Dr. Ghia on ASCEND Trial Results for Previously Treated CLL

Paolo Ghia, MD
Published: Monday, Sep 09, 2019



Paolo Ghia, MD, assistant professor, Universitá Vita-Salute San Raffaele and IRCCS Ospedale San Raffaele, discusses the efficacy results of the ASCEND trial, which examined the use of acalabrutinib (Calquence) monotherapy in patients with previously treated chronic lymphocytic leukemia (CLL).

Results of the ASCEND trial showed that acalabrutinib is more effective than rituximab (Rituxan)/idelalisib (Zydelig) and rituximab/bendamustine in patients with previously treated CLL, Ghia explains. Acalabrutinib alone did not reach its median progression-free survival, which was around 16 months for the other 2 arms, according to Ghia.

Additionally, acalabrutinib has a better toxicity profile than rituximab/idelalisib and rituximab/bendamustine, says Ghia. For example, almost 50% of the patients treated with rituximab/idelalisib reported cases of diarrhea and colitis, whereas diarrhea was much less frequent with acalabrutinib and colitis was nonexistent. Patients who received acalabrutinib might have experienced bleeding, which is present in 25% of patients who receive BTK inhibitors, or a transient headache, which is typical. These adverse events need to be evaluated with a longer follow-up, Ghia concludes.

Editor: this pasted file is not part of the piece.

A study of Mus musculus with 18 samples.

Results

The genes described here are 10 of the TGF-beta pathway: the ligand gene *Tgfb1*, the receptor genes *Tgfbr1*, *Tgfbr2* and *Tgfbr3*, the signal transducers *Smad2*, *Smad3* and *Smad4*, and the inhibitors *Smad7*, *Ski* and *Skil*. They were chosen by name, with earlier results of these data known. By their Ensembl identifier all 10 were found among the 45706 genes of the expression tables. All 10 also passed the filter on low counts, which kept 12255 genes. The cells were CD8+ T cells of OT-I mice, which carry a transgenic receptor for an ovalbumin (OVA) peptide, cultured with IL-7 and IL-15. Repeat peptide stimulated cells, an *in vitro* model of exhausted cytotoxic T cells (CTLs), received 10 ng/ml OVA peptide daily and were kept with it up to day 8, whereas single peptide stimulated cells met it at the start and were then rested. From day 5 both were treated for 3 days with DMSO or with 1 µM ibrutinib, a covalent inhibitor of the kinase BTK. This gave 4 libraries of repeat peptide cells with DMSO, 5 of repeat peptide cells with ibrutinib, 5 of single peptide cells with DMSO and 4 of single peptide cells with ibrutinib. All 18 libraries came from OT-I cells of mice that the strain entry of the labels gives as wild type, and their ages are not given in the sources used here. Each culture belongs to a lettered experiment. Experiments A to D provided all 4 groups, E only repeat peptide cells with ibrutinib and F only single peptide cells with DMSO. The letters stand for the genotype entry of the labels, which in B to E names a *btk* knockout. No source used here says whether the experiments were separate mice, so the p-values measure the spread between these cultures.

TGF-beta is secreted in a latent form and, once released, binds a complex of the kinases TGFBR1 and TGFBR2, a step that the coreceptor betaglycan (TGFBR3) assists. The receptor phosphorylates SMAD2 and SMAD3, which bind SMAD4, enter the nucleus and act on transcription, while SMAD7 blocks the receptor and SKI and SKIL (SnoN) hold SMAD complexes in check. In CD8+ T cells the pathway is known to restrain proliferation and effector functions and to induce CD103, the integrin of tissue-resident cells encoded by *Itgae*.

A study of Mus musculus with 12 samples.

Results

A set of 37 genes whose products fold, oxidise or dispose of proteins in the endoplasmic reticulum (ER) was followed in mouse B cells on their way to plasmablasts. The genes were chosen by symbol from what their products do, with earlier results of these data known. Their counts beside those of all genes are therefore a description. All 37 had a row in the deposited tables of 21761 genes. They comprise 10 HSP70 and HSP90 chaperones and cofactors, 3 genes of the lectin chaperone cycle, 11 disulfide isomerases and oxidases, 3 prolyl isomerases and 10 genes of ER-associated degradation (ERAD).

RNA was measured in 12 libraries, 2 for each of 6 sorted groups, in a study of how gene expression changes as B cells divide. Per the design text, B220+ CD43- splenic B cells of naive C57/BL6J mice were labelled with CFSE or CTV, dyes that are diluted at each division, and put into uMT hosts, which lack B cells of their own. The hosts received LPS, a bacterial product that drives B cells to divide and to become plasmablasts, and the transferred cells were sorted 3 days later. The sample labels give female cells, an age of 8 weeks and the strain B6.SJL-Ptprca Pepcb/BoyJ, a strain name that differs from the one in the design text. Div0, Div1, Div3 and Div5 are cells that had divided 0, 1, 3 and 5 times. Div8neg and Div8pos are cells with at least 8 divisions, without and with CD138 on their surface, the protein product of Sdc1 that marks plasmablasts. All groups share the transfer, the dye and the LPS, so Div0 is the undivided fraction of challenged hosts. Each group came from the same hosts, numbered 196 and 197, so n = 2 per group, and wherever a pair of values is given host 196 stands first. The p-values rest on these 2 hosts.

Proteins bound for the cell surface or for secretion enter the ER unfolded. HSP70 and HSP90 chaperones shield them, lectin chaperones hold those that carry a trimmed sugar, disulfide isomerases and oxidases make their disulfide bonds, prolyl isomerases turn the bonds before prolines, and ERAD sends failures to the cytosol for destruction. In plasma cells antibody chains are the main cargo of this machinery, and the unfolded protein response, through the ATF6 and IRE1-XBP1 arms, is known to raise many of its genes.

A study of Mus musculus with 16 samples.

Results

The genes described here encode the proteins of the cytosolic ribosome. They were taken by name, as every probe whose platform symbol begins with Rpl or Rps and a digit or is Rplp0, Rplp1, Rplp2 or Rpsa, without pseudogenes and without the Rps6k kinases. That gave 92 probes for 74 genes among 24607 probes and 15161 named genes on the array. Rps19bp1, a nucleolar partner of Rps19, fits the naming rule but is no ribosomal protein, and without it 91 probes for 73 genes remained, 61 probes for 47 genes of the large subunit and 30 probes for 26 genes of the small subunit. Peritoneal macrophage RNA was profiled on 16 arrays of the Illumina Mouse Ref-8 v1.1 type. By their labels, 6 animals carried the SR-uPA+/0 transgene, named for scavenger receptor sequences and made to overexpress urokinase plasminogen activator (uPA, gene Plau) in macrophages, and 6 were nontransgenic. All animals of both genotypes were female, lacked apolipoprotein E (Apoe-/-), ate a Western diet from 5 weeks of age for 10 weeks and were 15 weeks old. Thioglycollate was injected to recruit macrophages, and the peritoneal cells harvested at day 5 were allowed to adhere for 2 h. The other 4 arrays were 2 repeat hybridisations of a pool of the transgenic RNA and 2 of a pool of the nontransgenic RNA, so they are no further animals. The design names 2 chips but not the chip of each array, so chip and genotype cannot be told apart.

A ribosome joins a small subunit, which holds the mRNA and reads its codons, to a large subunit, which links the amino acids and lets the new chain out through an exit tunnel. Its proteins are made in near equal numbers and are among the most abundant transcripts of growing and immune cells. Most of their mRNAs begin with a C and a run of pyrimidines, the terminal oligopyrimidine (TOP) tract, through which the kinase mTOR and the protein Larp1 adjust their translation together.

Results of the ASCEND trial showed that acalabrutinib is more effective than rituximab (Rituxan)/idelalisib (Zydelig) and rituximab/bendamustine in patients with previously treated CLL, Ghia explains. Acalabrutinib alone did not reach its median progression-free survival, which was around 16 months for the other 2 arms, according to Ghia.

Additionally, acalabrutinib has a better toxicity profile than rituximab/idelalisib and rituximab/bendamustine, says Ghia. For example, almost 50% of the patients treated with rituximab/idelalisib reported cases of diarrhea and colitis, whereas diarrhea was much less frequent with acalabrutinib and colitis was nonexistent. Patients who received acalabrutinib might have experienced bleeding, which is present in 25% of patients who receive BTK inhibitors, or a transient headache, which is typical. These adverse events need to be evaluated with a longer follow-up, Ghia concludes.